2nd Quarter GDP Takes One to the Chin

(Bureau of Economic Analysis)

We were warned that second quarter gross domestic product data was going to be bad. Even so, the numbers that came out yesterday were off the charts–literally.

The Bureau of Economic Analysis reported its first (advance) estimate of 2nd quarter GDP showed a stunning 32.9 percent decline—the largest single quarterly drop in history, reflecting nearly one-third of economic growth gone in just three months. In the first quarter, real GDP fell by 5 percent.

BEA said the decline in second quarter GDP reflected the response to COVID-19, as “stay-at-home” orders issued in March and April were partially lifted in some areas of the country in May and June and government pandemic assistance payments were distributed to households and businesses. “This led to rapid shifts in activity, as businesses and schools continued remote work and consumers and businesses canceled, restricted or redirected their spending,”

The decrease in real GDP reflected decreases in personal consumption expenditures, exports, private inventory investment, nonresidential fixed investment, residential fixed investment and state and local government spending that were partly offset by an increase in federal government spending. Imports, which are a subtraction in the calculation of GDP, decreased.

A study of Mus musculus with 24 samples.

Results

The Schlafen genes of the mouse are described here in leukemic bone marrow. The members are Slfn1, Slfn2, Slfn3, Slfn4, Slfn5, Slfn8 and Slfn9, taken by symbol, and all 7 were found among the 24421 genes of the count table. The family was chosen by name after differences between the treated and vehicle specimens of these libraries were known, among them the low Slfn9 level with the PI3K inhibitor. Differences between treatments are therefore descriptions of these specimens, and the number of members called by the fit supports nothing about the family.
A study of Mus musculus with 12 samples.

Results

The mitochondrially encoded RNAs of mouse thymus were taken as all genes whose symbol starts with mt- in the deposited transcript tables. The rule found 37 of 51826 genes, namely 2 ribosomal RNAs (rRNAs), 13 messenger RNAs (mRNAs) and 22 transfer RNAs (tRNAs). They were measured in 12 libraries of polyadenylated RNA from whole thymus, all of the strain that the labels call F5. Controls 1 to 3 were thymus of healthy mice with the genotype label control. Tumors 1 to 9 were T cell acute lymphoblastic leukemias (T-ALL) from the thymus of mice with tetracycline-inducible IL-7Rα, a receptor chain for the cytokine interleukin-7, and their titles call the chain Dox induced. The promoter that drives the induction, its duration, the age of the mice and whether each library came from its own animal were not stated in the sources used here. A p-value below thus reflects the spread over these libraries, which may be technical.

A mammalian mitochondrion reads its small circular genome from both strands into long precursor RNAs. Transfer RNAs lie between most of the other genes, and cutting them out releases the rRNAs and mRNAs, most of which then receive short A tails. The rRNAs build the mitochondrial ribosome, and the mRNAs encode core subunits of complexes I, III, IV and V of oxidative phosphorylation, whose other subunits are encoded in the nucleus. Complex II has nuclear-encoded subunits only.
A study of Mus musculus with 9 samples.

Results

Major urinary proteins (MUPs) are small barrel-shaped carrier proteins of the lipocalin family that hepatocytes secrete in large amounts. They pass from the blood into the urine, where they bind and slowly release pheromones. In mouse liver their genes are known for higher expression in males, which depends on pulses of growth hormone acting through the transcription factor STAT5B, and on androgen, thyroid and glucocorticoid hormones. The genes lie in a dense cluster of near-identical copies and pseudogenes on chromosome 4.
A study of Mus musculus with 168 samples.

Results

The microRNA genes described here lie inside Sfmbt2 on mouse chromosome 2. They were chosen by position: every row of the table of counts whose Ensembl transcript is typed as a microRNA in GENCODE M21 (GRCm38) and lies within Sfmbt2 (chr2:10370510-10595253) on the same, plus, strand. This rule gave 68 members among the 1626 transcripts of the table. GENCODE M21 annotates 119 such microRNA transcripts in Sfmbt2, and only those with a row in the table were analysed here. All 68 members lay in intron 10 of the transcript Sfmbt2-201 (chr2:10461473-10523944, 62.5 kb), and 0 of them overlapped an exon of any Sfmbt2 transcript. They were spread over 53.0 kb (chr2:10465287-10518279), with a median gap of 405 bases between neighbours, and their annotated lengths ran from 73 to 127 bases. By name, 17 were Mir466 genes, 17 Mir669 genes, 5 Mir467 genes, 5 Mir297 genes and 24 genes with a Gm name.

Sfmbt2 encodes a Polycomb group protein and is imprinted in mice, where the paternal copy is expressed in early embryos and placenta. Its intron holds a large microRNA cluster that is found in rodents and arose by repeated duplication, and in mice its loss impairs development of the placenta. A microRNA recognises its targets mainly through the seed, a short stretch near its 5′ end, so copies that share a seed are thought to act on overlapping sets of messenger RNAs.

Joel Kan, Associate Vice President of Economic and Industry Forecasting with the Mortgage Bankers Association, noted, however, there is a potential silver lining. “In recent weeks, housing demand has rebounded sharply, and we expect the rest of the economy to recover in the second half of the year,” he said. “However, the adverse impacts to the job market and hardships for many households may persist – especially if virus cases continue to rise in several parts of the country. There are still many workers who have not returned to work, households in need of mortgage or rent forbearance and an overall sense of uncertainty ahead. We expect the Federal Reserve to keep rates low, and monetary policy supportive, until there are clearer signs of an economic recovery.”   

Jay Bryson, Chief Economist with Wells Fargo Securities, Charlotte, N.C, said while monthly data suggest that GDP should bounce in the third quarter, uncertainties related to the pandemic continue to cloud the outlook later this year.

“Previously released monthly data left little doubt that a record would be smashed with today’s data release; the only question was the exact magnitude of the decline,” Bryson said. “In that regard, the plunge was not quite as severe as the 34.5% drop that the consensus forecast had anticipated. Nevertheless, this ‘miss’ is simply a rounding error in a drop of this size.”

Bryson said data show broad-based weakness in most of the spending components, “which comes as little surprise given that the economy was more or less shut down from mid-March through mid-May.” Looking ahead, he said the economic outlook at this time “is dependent on the evolution of the pandemic, which remains highly uncertain. To paraphrase a well-worn phrase, the only certainty at this time is uncertainty.”